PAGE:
Let’s take a look at the pros and cons of soft- and hard-sided luggage. Some differences may be minor, but some may be precisely why you would buy one over the other. Okay, let’s take a look at soft-sided luggage first.

Which bag is mine?

Soft-sided Luggage


Outside Pockets – Outside pockets can be handy to have, providing a place to store your travel papers, snacks, and more.

Flexibility – With the soft-side, you can stuff your luggage into smaller spaces if needed – like packing a car or the overhead bin on an airplane.

Packing Irregular Shaped Items – With the flexibility of the fabric, you can pack irregular-shaped items into your luggage, like scuba gear, where if you had a rigid siding, it might not fit.

Storing – Maybe easier, as they have the flexibility to be squeezed into a smaller place if needed.


Theft – Soft-side is more susceptible to ambitious thieves. They have been known to cut through the fabric wherein hard-sided it is nearly impossible.

Material – The material should be of good quality, or it may tend to rip. The last thing you want is your luggage to rip open and spill its contents.

Cleaning – Soft-sided luggage can be a chore to clean. Don’t spell your coffee or tea on your luggage or anything else. It may also pick up odors that you will not be able to get out quickly.

Weather – As the material gets wet, it will make the luggage heavier and could damage the items inside.

Set of luggage

Hard-sided Luggage


Safety/Strength – It is nearly impossible to cut into a hard-sided piece of luggage. It will keep thieves out. Hard-sided is strong and durable.

Cleaning – Wiping down your luggage is a breeze with hard-sided. No stains, no muss.

Protection for Items Inside – If you buy things or have breakable things, hard-sided is ideal. If another suitcase falls on yours, or the airline bag handlers throw your bag, the items inside have a much greater survivability rate.

No Overpacking Overpacking is not going to happen with hard-sided. There is a limit. Besides, you need to learn to pack light anyway! Especially if you are in charge of your luggage (not on a coach tour or group tour).

Weather – Hard-sided can handle weather much better than soft. The rain is not likely to get inside and ruin your things. Or if someone spills something on your bag, it will just run off!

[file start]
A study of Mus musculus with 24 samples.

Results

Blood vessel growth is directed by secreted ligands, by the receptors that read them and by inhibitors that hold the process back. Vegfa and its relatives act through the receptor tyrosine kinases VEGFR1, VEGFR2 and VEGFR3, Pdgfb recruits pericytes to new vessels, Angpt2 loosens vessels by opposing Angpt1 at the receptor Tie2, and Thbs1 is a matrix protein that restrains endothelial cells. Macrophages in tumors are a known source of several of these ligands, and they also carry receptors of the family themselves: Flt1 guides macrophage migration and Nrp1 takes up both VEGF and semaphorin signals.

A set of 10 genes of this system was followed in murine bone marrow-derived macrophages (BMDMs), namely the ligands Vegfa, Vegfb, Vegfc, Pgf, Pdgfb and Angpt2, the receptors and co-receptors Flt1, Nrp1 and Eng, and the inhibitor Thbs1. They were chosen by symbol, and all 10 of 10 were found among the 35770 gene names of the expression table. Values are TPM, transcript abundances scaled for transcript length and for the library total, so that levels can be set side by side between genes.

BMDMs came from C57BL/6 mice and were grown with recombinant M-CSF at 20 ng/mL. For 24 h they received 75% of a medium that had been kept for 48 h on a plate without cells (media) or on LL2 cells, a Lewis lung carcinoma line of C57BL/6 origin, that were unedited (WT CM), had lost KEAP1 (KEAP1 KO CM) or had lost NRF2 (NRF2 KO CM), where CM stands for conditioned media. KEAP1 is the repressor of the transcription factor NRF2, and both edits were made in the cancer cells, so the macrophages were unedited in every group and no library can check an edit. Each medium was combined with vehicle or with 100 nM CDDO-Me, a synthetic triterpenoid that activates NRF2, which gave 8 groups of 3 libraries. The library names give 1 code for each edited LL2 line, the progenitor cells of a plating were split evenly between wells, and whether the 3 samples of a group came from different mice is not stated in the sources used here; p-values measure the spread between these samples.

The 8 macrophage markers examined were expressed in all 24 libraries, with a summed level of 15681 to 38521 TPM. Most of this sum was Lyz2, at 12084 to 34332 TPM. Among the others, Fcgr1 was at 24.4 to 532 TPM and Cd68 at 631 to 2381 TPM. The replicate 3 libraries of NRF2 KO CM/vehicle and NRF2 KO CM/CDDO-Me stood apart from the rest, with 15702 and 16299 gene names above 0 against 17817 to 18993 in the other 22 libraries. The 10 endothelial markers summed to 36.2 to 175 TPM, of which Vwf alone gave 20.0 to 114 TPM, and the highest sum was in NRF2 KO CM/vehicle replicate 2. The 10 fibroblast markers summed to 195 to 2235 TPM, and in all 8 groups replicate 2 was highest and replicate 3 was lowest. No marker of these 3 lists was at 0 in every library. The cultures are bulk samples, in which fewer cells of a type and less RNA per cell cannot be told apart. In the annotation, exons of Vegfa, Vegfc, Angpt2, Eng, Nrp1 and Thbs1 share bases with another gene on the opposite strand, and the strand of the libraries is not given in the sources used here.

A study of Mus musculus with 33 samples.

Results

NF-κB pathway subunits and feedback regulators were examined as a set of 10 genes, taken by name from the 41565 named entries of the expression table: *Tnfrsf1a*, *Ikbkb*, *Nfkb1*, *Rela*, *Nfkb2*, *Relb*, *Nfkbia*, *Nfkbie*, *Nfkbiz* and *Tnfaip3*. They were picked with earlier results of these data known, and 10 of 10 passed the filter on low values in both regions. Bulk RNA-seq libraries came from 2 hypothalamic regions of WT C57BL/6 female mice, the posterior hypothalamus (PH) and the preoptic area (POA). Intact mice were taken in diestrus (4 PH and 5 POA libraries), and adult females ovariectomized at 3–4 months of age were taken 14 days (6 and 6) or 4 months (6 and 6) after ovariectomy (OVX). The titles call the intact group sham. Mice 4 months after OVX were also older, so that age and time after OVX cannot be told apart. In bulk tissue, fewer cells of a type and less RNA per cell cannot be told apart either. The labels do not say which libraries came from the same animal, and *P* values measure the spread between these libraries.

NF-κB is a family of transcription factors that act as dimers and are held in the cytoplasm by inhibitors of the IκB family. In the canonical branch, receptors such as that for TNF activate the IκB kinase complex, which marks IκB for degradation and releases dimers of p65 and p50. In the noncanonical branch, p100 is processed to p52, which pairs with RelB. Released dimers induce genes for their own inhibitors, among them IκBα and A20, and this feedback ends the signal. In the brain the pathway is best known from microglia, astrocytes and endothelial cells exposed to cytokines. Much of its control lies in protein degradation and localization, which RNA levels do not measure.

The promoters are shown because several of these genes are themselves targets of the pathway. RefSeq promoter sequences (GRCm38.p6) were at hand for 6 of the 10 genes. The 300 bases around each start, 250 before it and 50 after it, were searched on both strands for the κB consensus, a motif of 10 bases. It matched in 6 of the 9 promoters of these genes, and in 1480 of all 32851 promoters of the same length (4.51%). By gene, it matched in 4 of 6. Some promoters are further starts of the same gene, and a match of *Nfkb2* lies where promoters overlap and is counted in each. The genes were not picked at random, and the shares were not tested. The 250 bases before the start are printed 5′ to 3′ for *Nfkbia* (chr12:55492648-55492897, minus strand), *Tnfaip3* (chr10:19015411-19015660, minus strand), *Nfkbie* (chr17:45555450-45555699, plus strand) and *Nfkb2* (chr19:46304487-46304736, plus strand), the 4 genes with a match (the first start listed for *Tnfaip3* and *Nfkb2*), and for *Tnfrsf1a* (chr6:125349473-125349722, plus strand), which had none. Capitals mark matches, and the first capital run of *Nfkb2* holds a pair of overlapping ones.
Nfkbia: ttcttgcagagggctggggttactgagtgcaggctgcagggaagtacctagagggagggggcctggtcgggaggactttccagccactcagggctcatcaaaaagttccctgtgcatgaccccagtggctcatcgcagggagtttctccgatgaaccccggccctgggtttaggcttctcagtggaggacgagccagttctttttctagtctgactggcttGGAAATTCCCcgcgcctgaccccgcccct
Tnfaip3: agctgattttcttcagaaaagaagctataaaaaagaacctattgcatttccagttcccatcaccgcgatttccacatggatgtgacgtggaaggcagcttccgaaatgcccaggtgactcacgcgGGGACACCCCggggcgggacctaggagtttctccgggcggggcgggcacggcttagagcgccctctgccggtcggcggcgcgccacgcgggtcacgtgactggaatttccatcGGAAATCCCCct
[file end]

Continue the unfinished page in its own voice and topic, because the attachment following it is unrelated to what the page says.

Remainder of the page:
Clamshell – 50/50 – The basic style for hard-sided is that the two sides are equal in size – thus, they are called the clamshell design or 50/50. This should be a minor point, but I thought you should be aware of it.

Cruise – The way they stack luggage on cruises, many have recommended using hard-sided.


Fewer Pockets – For some reason, they usually don’t include pockets in hard-sided luggage. One way to get around this is to use packing cubes. I love packing cubes; they are a great way to organize either type of luggage.

Storing – If you bought a set, they typically can be nested inside, so you only need to find a spot for the largest size you have. They are not flexible, so an exact space is required.

Weight – today’s hard-sided luggage may be made of ABS plastic, polycarbonate, or aluminum. Aluminum will be the heaviest; you may want to avoid it if you need to carry your luggage. ABS plastics are very lightweight. Polycarbonate has the reputation of being the most durable. If weight is an issue, be sure to check that before buying.

Both Styles Have These Options

  • Multiple colors and designs
  • Four wheels
  • Expandable – At one time, they did not have hard-sided expandable, but both sets we have had were expandable.
  • Weight – has become similar – The early hardshell luggage was much heavier, but with the introduction of lighter materials, weight should not be a significant difference.
  • TSA Approved Locks
Tom with luggage in Paris

My Preference

My husband and I have traveled continuously for five years. I started with soft-sided luggage, but they did not last long; they completely fell apart after five months. I do need to say my husband’s hard-sided bag did have an issue, so we are on our second set of hard-sided luggage, but both sets lasted years, not months.

I like the protection it gives the items inside my bag, and after months and months of use, they still look brand new. They don’t even have any scratches, and they have flown thousands of miles, plus all the bumping around they get when we are driving.

I miss having the pockets on the outside, but I now have a laptop purse combination that I use that is a great substitute. Overall, I prefer the purse more than having outside pockets on the luggage. My husband has a fancy travel backpack with pockets for everything, so yes, the pockets were nice but not a necessity.

We will not be going back to soft-sided; we are pleased with what we have.

Final Tip

On either type of luggage, one thing they both have are zippers. Zippers are more likely to cause a problem than either having soft- or hard-sided luggage. One way to prevent problems is using a “luggage strap.” They are inexpensive compared to what you could lose. Add a luggage strap to your list of things you use when you are traveling.

And PS – don’t buy black luggage, be venturesome – smile.

Have you decided on hard- or soft-sided? I hope these pros and cons were helpful. Enjoy your luggage shopping!!